January 31, 2014

The Importance of Continuous Integration in SharePoint Development

Continuous Integration is a wonderful and popular practice in the software development universe. Yet, for whatever reason, it seems much less commonly utilized in the SharePoint community. SharePoint (naturally) throws a few wrinkles into the process, but no substantial roadblocks, and the benefits of CI can be realized just as well on SharePoint projects as anywhere else.

I'll be writing a series of posts detailing the various steps of building out a CI process, but first let's just start off with an introduction to what Continuous Integration is all about, and when it can be most helpful.

A "complete" CI process should incorporate all of the following points, but implementing even just a few can lead to substantial increases in quality and efficiency.
  1. Task management (via TFS or another tool, integrated with your code repository)
  2. Automated builds
  3. Unit testing (of all code, server-side and client-side, preferably via test-driven development)
  4. A stable staging environment (which accurately mimics production!)
  5. Automated deployments
  6. Reporting/communication of build results
Automated builds save time and (assuming results are adequately communicated) ensure that other developers on the team won't have to deal with build errors caused by someone else. Unit tests help ensure that the code doesn't just build - it actually works. Linking code check-ins to documented tasks helps to quickly identify issues and their owners. And regular, automated deployments to a useful staging environment greatly reduce the risk of problems in production.

That sounds great, but obviously it takes time to write unit tests and build scripts, take snapshots of production to restore into staging, and keep tasks up to date. So is CI really worth implementing on every project? No - but it's typically a worthwhile investment in projects with:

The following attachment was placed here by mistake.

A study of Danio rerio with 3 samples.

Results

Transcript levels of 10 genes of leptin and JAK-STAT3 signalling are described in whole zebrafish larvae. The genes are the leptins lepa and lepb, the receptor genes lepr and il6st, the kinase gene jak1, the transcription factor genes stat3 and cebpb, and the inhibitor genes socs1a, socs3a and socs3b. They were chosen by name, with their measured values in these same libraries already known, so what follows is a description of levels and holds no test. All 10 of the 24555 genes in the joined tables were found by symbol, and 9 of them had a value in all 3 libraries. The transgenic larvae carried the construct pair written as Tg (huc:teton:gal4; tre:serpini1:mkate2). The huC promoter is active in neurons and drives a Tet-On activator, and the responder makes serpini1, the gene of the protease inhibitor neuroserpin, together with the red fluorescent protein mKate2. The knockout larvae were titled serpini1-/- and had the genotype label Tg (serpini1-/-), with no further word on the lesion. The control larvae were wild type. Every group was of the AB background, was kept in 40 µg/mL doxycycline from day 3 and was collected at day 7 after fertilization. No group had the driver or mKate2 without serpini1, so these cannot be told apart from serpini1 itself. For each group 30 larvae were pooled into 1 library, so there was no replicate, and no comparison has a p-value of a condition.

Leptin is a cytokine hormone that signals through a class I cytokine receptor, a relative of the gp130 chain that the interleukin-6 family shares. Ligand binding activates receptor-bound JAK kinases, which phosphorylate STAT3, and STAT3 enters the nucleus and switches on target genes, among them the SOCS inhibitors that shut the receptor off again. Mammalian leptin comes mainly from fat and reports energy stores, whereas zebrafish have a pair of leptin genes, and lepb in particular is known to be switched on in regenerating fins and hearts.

1. Multiple developers
  2. Medium-to-long timelines (not "one-off" projects), or frequent deployments for QA/UAT
  3. Complex codebases (e.g. a large number of Visual Studio solutions and projects)
Even for relatively simple projects, the initial effort required to implement a CI process can greatly reduce the length and effort required during the testing phase. You'll have fewer bugs to fix, and you'll be able to truly focus on resolving defects without having to constantly do manual builds and deployments to close things out.

SharePoint may sometimes complicate things, but it shouldn't stop us from following best practices in our development. Continuous Integration can help ensure quality, efficiency, and environmental stability. So let's start doing it!

If you've had any particular challenges with implementing CI for SharePoint, or any concerns around CI in general, I'd love to hear about them. I'll do my best to address any issues in future posts.